The Internet of Things (IoT) market has been on an upward trend in 2017. Those in the sector have been using the term as a catch-all phrase for everything from home automation to smart urban planning for a few years now. With an estimated 20.4 billion internet connected devices expected to be in use by 2020 though, many question the shortcomings that come with conventional implementations of IoT networks.
Tempering an Army of Machines
The sudden influx of smart devices poses new problems related to security and reliability, especially for items previously networkless. If, for instance, every household appliance relies on a connection to the internet, it would take no more than an ordinary hack to render most of them useless.
These machines also become vulnerable to breach as attackers can easily eavesdrop on the sensor data sent and received by Internet-connected devices. If companies can be incompetent enough to lack proper encryption for passwords, putting private data in their hands can be a recipe for disaster.
Not only do traditional IoT implementations lack essential security considerations, but they also suffer from the problem of centralization. In the case of a single point of failure for any large-scale IoT infrastructure, this also spells disaster for the functionality of these devices.
Following a server failure, for example, an entire army of smart devices is immediately crippled. Smart devices can become essentially worthless if a distributed denial of service (DDoS) attack is orchestrated against that central server. This is especially worrisome since DDoS attacks have affected multiple websites in recent years.
The Blockchain to Soothe IoT Woes?
On the other hand, blockchain technology relies on peer-to-peer validation instead of a central, authoritative trust. Data on a blockchain is also cryptographically encrypted. In the IoT space, where every device communicates with each other, using a blockchain essentially negates all of the problems listed above.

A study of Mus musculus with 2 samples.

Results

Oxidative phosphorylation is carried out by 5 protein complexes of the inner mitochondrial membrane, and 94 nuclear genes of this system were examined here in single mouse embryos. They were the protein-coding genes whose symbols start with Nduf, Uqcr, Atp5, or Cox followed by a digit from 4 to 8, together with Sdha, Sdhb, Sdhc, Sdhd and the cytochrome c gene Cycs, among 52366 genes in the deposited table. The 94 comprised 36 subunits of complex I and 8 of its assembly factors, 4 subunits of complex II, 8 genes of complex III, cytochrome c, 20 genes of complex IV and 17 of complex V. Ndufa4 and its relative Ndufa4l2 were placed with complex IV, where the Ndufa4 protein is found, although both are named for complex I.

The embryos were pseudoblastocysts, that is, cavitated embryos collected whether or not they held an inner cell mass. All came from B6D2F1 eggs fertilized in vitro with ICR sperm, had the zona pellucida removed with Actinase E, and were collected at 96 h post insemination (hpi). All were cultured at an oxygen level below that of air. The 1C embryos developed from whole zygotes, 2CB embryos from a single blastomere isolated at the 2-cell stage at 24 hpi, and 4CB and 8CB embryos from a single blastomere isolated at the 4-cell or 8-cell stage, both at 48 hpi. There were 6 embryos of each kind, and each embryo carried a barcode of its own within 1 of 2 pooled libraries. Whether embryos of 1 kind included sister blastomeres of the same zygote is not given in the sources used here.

Considering these advantages, it would appear as if the blockchain is the metaphorical knight in shining armor for IoT networks. The technology brings decentralization, multiple layers of redundancy, exponentially enhanced security and a multitude of other improvements that would require a more significant time and monetary expense to crack through traditional invasive hacks.
However, if blockchains are the definitive solution to all the problems IoT networks currently face, it is probably prudent to ask why it took several years of IoT evolution before any attempts were made to merge the two technologies together.
Looking Beyond Finance
The primary problem appears to stem from the relative infancy of the blockchain technology in general. Although its financial applications are well known, the advantages outside of the cryptocurrency territory are relatively unturned.
Bitcoin’s release in 2009 was the first practical application of a blockchain. In the case of digital currencies similar to bitcoin, blockchains are used as a public, decentralized ledger to record transactions in a secure, immutable manner. Since Bitcoin’s release, businesses have attempted to integrate blockchains into nearly every industry, from agriculture to logistics. Startups have also begun cropping up en masse, bringing with them a seemingly infinite supply of new Initial Coin Offerings (ICOs).
It is possible, after all, that the marriage of the blockchain and IoT has already begun at several companies. But as we inch closer to a future where everything is connected to the internet, it is now clear that blockchain technology will play a pivotal role in achieving increased security, reliability and trust in IoT networks.